I Hope You’re Not Like These Kids
September 9, 2013 32 Comments
The sun came out only once – every seven years, for just one day. Margot was the only girl in the class who had seen the sun once, when she was barely old enough to remember it. But no one believed her when she tried to describe it. So they tossed her into the closet before the teacher returned to the classroom.
I read this short story by Ray Bradbury when I was in junior high. It was more memorable than the long-awaited release of The Lost World: Jurassic Park. It affected me more than my first boy/girl dance. It moved me more than even the death of Princess Diana. Hardly a month has gone by in the last sixteen years when I haven’t thought back to this story.
Why? Because of its conviction.
You see, the day they throw Margot into the closet is the day the scientists predict that the rain will stop, and the clouds will clear for just a few hours, like they did seven years ago, and the sun will come out. That’s how it is on Venus, and every single day, its inhabitants wake up to pelting rain, work by flashes of lighting, and go to sleep listening to rumbles of thunder.
But this day, they will finally see the sun, and run, and play, and tan, and smile, and laugh, and live.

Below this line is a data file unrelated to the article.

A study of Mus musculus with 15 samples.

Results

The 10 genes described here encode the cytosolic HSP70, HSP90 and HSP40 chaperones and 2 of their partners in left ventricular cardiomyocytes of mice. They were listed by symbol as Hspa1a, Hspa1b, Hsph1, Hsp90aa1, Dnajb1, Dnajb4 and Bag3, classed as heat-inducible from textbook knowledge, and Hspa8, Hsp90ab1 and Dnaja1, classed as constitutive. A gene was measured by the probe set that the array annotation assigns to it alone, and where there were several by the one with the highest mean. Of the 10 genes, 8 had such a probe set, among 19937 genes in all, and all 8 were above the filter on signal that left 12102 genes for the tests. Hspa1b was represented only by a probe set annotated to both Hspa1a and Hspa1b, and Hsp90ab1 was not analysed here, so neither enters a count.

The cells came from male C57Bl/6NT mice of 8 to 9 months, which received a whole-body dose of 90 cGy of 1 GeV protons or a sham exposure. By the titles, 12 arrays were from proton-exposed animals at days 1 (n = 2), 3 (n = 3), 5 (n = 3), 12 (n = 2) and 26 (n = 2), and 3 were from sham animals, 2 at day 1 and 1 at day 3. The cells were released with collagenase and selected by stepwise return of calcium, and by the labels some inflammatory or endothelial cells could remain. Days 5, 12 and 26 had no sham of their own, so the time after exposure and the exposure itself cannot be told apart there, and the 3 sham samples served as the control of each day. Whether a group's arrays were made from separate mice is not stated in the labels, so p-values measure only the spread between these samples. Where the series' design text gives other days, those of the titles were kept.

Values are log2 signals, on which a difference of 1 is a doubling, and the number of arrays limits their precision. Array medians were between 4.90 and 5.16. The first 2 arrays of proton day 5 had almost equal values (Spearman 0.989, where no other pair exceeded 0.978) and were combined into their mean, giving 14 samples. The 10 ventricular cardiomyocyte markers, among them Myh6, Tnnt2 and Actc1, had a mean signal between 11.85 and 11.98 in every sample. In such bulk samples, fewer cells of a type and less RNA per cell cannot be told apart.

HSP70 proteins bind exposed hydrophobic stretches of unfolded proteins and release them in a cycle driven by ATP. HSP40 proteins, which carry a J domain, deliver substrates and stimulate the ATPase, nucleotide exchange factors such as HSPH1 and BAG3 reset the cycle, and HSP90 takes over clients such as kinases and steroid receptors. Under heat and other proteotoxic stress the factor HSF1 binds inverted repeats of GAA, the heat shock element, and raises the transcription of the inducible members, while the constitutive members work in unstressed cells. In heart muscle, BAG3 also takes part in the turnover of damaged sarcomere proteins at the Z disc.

But the sun will not be meant for Margot. Even though she’s anticipated and longed for this day for the last 2,555 days, she will know nothing but the darkness of a closet, and the taste of dust on her tongue, and only the faint sounds of her schoolmate’s shrieks of laughter far off in the distance.
Tomorrow her skin will remain ghastly pale while her friends show off their tans and sunspots.
I wonder. How many people in my life do I leave locked in the closet of darkness while I bask in the love and glow of Jesus?
How long will I continue to keep the light of God from those who desperately need a Savior, who are weary of being kept a prisoner of darkness, while the rest of us go to church and carry on with the benefits of God’s heavenly light?